If you are going to live in the mountains, first, you need an all-weather vehicle, and second, you need to know how to drive in the snow.
The San Diego mountains have a very mild winter compared to other high-altitude locations. We have about three to five snowstorms a year and get anywhere from a dusting to a few feet during a good storm.
Fortunately for us locals, the snow doesn’t stick around for very long. This being said, unless you are able to stay home, you need to learn how to be mobile in less than ideal conditions. We all know the saying “San Diegans don’t know how to drive in the rain.” The same is true for driving in the snow. Whether you live in a mountain climate or plan to visit one during a snowstorm, here is what your driving school didn’t teach you about driving in the snow.
Only drive if you have to.
Avoid unnecessary risks by staying home.
Get an all-weather vehicle today.
I HIGHLY recommend having an all-wheel-drive or 4-wheel drive if you live in a four-season climate. Even though I only use my all-wheel-drive a few times a year, it totally makes up for all the hassle I would face if I didn’t have it. Backcountry roads don’t always get plowed right away. Every time it snows, a large portion of the population is always frantically trying to get mobile. You can avoid much of the aggravation by having an all-weather vehicle.
Preparing your vehicle for a snowstorm
In early fall, you should start preparing your car for the winter weather. During the colder months, I keep my snow chains, a flashlight, blanket, and shovel in my car. I try to keep some snacks in there, too, but they never last very long.
Your vehicle needs all-weather tires. It’s a good idea to get your wheels balanced and aligned so the car will perform better in less than ideal driving situations. Double-check that your headlights are good. The snow and ice shorten the lifespan of your windshield wipers. It’s best to get into the habit of replacing your wipers every year. Test-fit your chains. Tires come in different sizes, which means chains aren’t a one-size-fits-all proposition. The more familiar you are with putting chains on, the easier it will be when you actually need them. Many first-timers find it quite challenging to put them on.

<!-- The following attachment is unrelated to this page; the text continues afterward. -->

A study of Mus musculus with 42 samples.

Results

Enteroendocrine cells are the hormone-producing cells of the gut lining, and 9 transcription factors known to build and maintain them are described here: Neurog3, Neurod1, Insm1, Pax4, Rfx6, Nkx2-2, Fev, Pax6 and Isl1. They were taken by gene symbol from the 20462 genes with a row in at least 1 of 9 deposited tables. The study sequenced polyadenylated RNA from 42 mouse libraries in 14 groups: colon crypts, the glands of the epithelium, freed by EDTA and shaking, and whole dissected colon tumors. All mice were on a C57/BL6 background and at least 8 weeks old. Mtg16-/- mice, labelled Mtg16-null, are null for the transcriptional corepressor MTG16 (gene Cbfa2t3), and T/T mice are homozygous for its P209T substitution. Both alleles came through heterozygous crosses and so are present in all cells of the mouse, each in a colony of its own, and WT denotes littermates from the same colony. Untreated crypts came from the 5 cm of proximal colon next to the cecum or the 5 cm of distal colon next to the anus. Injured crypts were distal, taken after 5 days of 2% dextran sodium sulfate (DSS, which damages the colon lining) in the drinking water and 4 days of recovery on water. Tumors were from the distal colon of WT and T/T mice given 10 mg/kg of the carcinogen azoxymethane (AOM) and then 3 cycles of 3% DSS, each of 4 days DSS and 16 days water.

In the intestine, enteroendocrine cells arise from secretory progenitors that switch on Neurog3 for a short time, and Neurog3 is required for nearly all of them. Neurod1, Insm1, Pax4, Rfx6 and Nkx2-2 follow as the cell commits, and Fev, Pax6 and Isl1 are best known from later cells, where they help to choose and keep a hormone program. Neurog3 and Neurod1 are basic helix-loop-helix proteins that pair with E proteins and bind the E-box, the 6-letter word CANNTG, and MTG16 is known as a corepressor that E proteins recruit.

When you are expecting a snowstorm in your area, you will want to park your car in a location that will be relatively easy to pull out of. Avoid having to back up in the snow by parking your car with the front facing the road. For those with two-wheel or front-wheel-drive, this is a must-do. If you have a long driveway, park at the edge of it. Wherever you park, do NOT park in a place that narrows the road and therefore prevents the snowplow or other cars from being able to get by. Do not be that person. Just don’t.
Once your car is parked, prop your windshield wipers up so they don’t get buried. For those who know they will need to drive their vehicle right away, I recommend putting your chains on prior to the snowfall. If the road is completely plowed with no snow on it, though, you do not need to drive with your chains on.
On snowy mornings, it takes twice as long to get out of the door. Definitely set your alarm extra early. You will have to get dressed in your snow gear, warm your car up and dig it out, and the highway speed limit is reduced from 55 to 25 MPH when chains are required. There are all sorts of gadgets out there to help you warm up your car faster, but here’s how to do it without those.
As I mentioned above, I prop up my windshield wipers before it snows. About 30 minutes before I need to leave, using a broom, I brush off the fluffy snow from my car door and side windows. I turn the car on and make sure the heater is off. If you warm up your car too fast, any cracks in your windshield will worsen. After about 20 minutes, I go back out to brush off my windows. I do not use my windshield wipers until the snow on the windshield is soft. Using the wipers on an icy windshield will destroy the wiper blades. When my car is warmed up, I turn on the heat.
When chains are required
When the “Chains Required” signs are flipped, you must have chains for your vehicle on hand, and the speed limit is reduced to 25 MPH.
Now that your vehicle is ready, let’s talk about actually driving in the snow. Driving in the snow is nothing like driving in the rain. It is way more complicated. Always keep extra distance between you and the car in front of you. Once a car starts sliding, there is very little you can do to stop it. I always try to avoid major hills and backing up when there is snow on the ground. Additionally, the snow on your car changes the weight of your vehicle and how it drives. This will be important when stopping and making turns.
Driving in the snow is tricky. Driving in fresh snow, partially plowed snow, and on refrozen snow are all very different types of driving. You want to drive slowly so you maintain control, but you also need enough speed to keep the vehicle moving through the snow.
In fresh snow, drive in the tracks left by other cars. If you need to slow down, slowly start to drive in the unpacked snow to slow you down with little use of your brakes. When there are no tracks, you will need to drive faster to keep your car moving through the snow. When going up a hill, increase your speed to keep your momentum. When making turns and going downhill, you want to avoid using your brakes as much as possible. Having locked brakes is a situation you don’t want to be in.
It is better to be safe than sorry. Stay home if you are not able or equipped to drive in winter conditions.